The Siberian unit is expected to be sold on 19 December.
Yukos slammed the sale of Yuganskneftegaz as state-sponsored theft, designed to strip its main owner Mikhail Khodorkovsky – on trial for tax evasion and fraud and facing up to 10 years in prison – of his main asset.
The sale would mark a climax in a 16-month-old battle between the Kremlin and the politically ambitious tycoon which has damaged investor conference in Russia and helped push world oil prices to historic highs.
“Yukos as we know it can never look the same again,” said Adan Landes from Renaissance Capital. “We have reached a point of no return for the company and the Kremlin.”
Billions in taxes due
Analysts said the price, at the low end of an independent valuation but above the most pessimistic expectations, would still allow the state to sell more Yukos assets later to recover its tax debts, which were jacked up to $24.5 billion on Friday.
“Yukos as we know it can never look the same again. We have reached a point of no return for the company and the Kremlin”
They tipped gas monopoly Gazprom as front-runner, while bankers and Western executives said foreigners, although allowed to bid, were likely to be deterred by the legal and tax risks that a Yugansk purchase would entail.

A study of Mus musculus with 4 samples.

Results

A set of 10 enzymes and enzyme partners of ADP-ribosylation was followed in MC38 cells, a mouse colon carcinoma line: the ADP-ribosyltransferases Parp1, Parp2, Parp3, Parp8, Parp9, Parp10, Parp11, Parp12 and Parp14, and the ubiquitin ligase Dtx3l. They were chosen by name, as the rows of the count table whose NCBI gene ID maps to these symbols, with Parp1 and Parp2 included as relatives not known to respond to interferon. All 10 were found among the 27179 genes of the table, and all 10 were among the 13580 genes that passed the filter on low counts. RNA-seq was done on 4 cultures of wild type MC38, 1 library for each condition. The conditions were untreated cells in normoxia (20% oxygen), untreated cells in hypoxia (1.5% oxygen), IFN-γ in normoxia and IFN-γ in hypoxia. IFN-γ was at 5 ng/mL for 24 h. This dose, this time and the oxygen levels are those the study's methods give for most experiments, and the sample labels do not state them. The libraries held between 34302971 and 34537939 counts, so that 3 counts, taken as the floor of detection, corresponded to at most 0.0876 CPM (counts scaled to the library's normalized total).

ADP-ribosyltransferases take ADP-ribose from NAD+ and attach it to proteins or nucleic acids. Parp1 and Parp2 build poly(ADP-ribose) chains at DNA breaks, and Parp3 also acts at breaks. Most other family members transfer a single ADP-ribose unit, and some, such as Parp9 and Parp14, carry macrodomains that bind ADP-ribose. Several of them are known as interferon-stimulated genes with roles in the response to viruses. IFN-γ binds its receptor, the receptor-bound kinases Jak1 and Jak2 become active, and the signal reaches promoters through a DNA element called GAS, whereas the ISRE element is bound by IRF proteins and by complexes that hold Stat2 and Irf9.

Yukos produces a fifth of Russian oil or 1.7 million barrels per day and Yugansk is responsible for 60% of its output.
“The starting price bears no resemblance to the true value of Yugansk, one of the world’s premier oil producing firms, and amounts to theft of Yukos assets,” said Yukos Chief Executive Officer Steven Theede.
Yukos shares fell 31% by 14:20 GMT to $2.05, their lowest since early 2001, on news of the sale and a new tax claim of $6 billion for 2003 in addition to existing demands of $18.5
billion for preceding years.
Markets saw Yukos shares take
Once Russia’s largest firm by market capitalisation, worth over $40 billion, Yukos is now worth just $5 billion. Renaissance Capital withdrew its “buy” rating on Yukos, saying the stock had now joined the distress investor class.
Yukos’ other key assets include two producing units in Siberia and the Volga region as well as five refineries in Russia and one in Lithuania.
The auction will come one day ahead of a Yukos shareholders’ meeting to consider re-organisation, bankruptcy or liquidation on 20 December.
Bidders must place a huge returnable deposit of $1.73 billion in a move seen to prevent the current owners of Russia’s Number1 oil exporter trying to hamper the auction by bidding up the price without intending to buy.
“Nobody is going to put down $1.7 billion of deposit unless they get sovereign guarantees. And nobody is going to bid for Yugansk unless they get a Kremlin agreement that they are not going to hit Yugansk with further taxes,” said Martin Taylor hedge fund manager at London-based Thames River.